Reality check on privatisation: public sector rules fly out the window

Technoline were then entrusted with a monopoly on all hospital procurement by Vitals. This is the reality check with privatisation: normal practices in the public sector fly out of the window

One story struck a chord in the past days of uneventfulness. Leaked paperwork published online by The Shift suggests that the owners of the former Vitals Global Healthcare outfit unashamedly took over a hospital procurement company, not for some normal business deal, but for unbridled profit-making with no respect to traditional procurement and fair tendering.

To all of us who seek out such stories, we are of course little aware that this kind of business approach tends to be normal in the private sector…practically not illegal in itself.

In my view it is certainly unethical but it is carried out by private entities in Malta. The Vitals owners used their companies in Jersey to loan over €5.1 million to the company owned by a senior employee of Technoline – a Maltese company dealing in the sales of medical equipment – to buy out his very own boss.

Technoline were then entrusted with a monopoly on all hospital procurement by Vitals. This is the reality check with privatisation: normal practices in the public sector fly out of the window.

Which, of course, led to a revolt from Maltese companies who cried foul. And now that Vitals has disappeared, it has left a black hole to show us what dishonourable men are all about. I am referring here to Ram Tumuluri, the Canadian ‘investor’ who, in another world, should be called in for some serious questioning. Considering that just 21 months after securing a 30-year lease to operate Gozo, St Luke’s and Karin Grech hospitals, Vitals Global Healthcare appeared to be having financial problems and was forced to sell its concession to Steward Healthcare for one euro (passing on €40 million in debt)…it begs the question: Who is paying for that black hole? Surely, the taxpayer.

I am not quite sure if Vitals actually planned out all this. I would have expected the Nationalist Party to be out in full force on this point. Unfortunately for us, and luckily for Labour, the PN is in hibernation, tending to its internal revolt and trying to secure blind allegiance to Adrian Delia – who for the time being appears to have quashed the rebels...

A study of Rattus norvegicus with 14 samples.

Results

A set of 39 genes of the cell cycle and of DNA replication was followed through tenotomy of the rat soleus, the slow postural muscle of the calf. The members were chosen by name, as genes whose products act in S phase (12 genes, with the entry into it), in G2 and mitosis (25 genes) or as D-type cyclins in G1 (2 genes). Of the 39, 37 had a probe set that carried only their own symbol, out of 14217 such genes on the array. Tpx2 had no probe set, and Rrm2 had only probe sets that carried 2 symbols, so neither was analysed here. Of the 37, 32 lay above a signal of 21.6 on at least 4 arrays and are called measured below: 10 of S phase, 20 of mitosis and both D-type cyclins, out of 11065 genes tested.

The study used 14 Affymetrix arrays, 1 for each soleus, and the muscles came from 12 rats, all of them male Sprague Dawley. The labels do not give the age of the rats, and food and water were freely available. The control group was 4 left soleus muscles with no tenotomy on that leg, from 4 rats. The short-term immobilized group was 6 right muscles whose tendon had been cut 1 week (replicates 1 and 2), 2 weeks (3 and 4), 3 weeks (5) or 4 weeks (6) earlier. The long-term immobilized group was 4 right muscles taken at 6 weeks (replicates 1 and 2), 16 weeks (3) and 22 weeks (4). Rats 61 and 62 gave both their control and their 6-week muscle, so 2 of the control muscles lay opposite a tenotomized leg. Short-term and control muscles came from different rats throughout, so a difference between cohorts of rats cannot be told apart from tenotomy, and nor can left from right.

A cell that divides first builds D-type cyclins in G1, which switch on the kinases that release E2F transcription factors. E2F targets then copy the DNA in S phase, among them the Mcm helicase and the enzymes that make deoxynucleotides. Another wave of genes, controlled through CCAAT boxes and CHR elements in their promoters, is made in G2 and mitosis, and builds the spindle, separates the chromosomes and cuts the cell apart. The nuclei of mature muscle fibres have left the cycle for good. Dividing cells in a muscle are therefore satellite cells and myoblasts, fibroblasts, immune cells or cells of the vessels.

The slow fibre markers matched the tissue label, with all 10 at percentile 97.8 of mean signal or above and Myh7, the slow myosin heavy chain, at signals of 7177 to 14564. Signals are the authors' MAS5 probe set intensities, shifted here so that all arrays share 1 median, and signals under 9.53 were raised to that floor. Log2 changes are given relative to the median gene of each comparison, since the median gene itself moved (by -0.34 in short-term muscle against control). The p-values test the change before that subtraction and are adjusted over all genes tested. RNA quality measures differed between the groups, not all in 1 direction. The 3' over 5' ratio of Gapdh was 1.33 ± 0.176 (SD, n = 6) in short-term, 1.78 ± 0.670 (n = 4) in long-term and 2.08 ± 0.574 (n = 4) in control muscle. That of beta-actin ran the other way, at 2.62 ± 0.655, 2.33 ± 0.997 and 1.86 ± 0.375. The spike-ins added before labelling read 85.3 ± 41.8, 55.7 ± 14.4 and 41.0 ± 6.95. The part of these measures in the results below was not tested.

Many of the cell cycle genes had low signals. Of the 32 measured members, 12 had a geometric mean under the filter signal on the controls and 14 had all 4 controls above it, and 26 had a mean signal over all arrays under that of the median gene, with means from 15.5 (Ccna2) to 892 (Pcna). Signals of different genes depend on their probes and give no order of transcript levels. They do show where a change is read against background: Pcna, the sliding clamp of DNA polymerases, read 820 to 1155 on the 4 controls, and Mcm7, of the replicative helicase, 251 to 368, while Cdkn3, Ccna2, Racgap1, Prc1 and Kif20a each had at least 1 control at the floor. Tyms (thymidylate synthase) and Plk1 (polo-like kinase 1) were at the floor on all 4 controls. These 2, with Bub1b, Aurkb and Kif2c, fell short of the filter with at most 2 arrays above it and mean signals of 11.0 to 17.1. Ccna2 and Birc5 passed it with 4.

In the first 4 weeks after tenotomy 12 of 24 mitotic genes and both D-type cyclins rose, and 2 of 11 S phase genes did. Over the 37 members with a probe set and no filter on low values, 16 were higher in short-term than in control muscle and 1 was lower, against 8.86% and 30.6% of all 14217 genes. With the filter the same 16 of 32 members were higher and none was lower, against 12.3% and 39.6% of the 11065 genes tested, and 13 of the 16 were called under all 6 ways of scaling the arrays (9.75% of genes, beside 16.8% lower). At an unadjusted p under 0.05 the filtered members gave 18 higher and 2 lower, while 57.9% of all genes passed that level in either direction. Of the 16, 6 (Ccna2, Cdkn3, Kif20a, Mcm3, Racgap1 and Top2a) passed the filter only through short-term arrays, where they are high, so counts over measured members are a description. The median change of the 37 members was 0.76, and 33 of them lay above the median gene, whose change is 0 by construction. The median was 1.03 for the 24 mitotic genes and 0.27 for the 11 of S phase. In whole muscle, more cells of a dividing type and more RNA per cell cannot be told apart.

Anglu Farrugia (left) and John Bercow
Anglu Farrugia (left) and John Bercow

Certainly of note this week was a ludicrous press conference held by the Speaker of the House over the inherent structural damage at the parliament building.

I am still trying to understand what Anglu Farrugia was trying to achieve. If there are structural changes or damages as Speaker he surely has the authority and role of seeing that they are seen to at once. And if he lacks the funds to see to them, then surely he can turn to the government for some extra financial help. And let us be very clear, the parliament building was inaugurated in May 2015, two years after a new government was appointed. I cannot understand why those entrusted with confirming the quality of the work did not carry out any quality control. Why did Farrugia need to hold a press conference?

Farrugia may be suffering from not being at the centre of attention anymore. As Speaker, he does not have the high profile of other institutional figures or the possibility of airing his views.

Leaking water through the roof gave him an opportunity to call in the press.

So here we are, attending a press conference on faulty roof membranes when we should be discussing making parliamentary sessions closer to the people, or making the House of Representatives more relevant and interesting and above all transparent. But no, the Speaker of the House has nothing better to do.

I have never been impressed with the workings of the House. Before you could certainly feel and smell that you were in a parliament. So far, I have never attended a parliamentary session in the new parliament… only filmed from one of the ugly corners of the building. But from what I can see, the Renzo Piano design – praised and lauded by practically everyone – has created an interior design where the reportage of parliament is stunted and diminished, where parliamentarians in a debate are landed in a clinical environment more reminiscent of an Alaskan university lecture room.

Renzo Piano should have understood what parliamentary debate is all about to see what architecture suited it best. It is no secret that I dislike his architecture (works like the Jean Marie Tjibaou Cultural centre in New Caledonia make me shudder. Google it and send me your comments).

Today we have a parliamentary building where reporters share the same breathing space as the public and are as distant from the parliamentarians. So distant that they might as well stay in the newsroom and report from live streaming. Piano, of course, must have forgotten the press during his conceptualisation of the project. Indeed, space is so limited in our parliament building that there are plans to use office space in the buildings facing the parliament across the square.

Piano may be the greatest architect ever for some, but the design of our parliament fails to take into consideration the workings of parliamentary democracy on an island whose people are traditionally very close to elected officials. Those who doubt this should speak to an MP to see if my statement is an exaggeration or not.

Beyond this point the main issue is that Anglu Farrugia is no John Bercow, the colourful British House of Representatives speaker. Farrugia lacks the charisma and wit of a remarkable Speaker. And if he really wants to see our parliament returned to its full glory, he could cut down on his travels as Speaker and divert all the money saved to some high-quality maintenance. That, I am sure, would be a good reason to hold a press conference.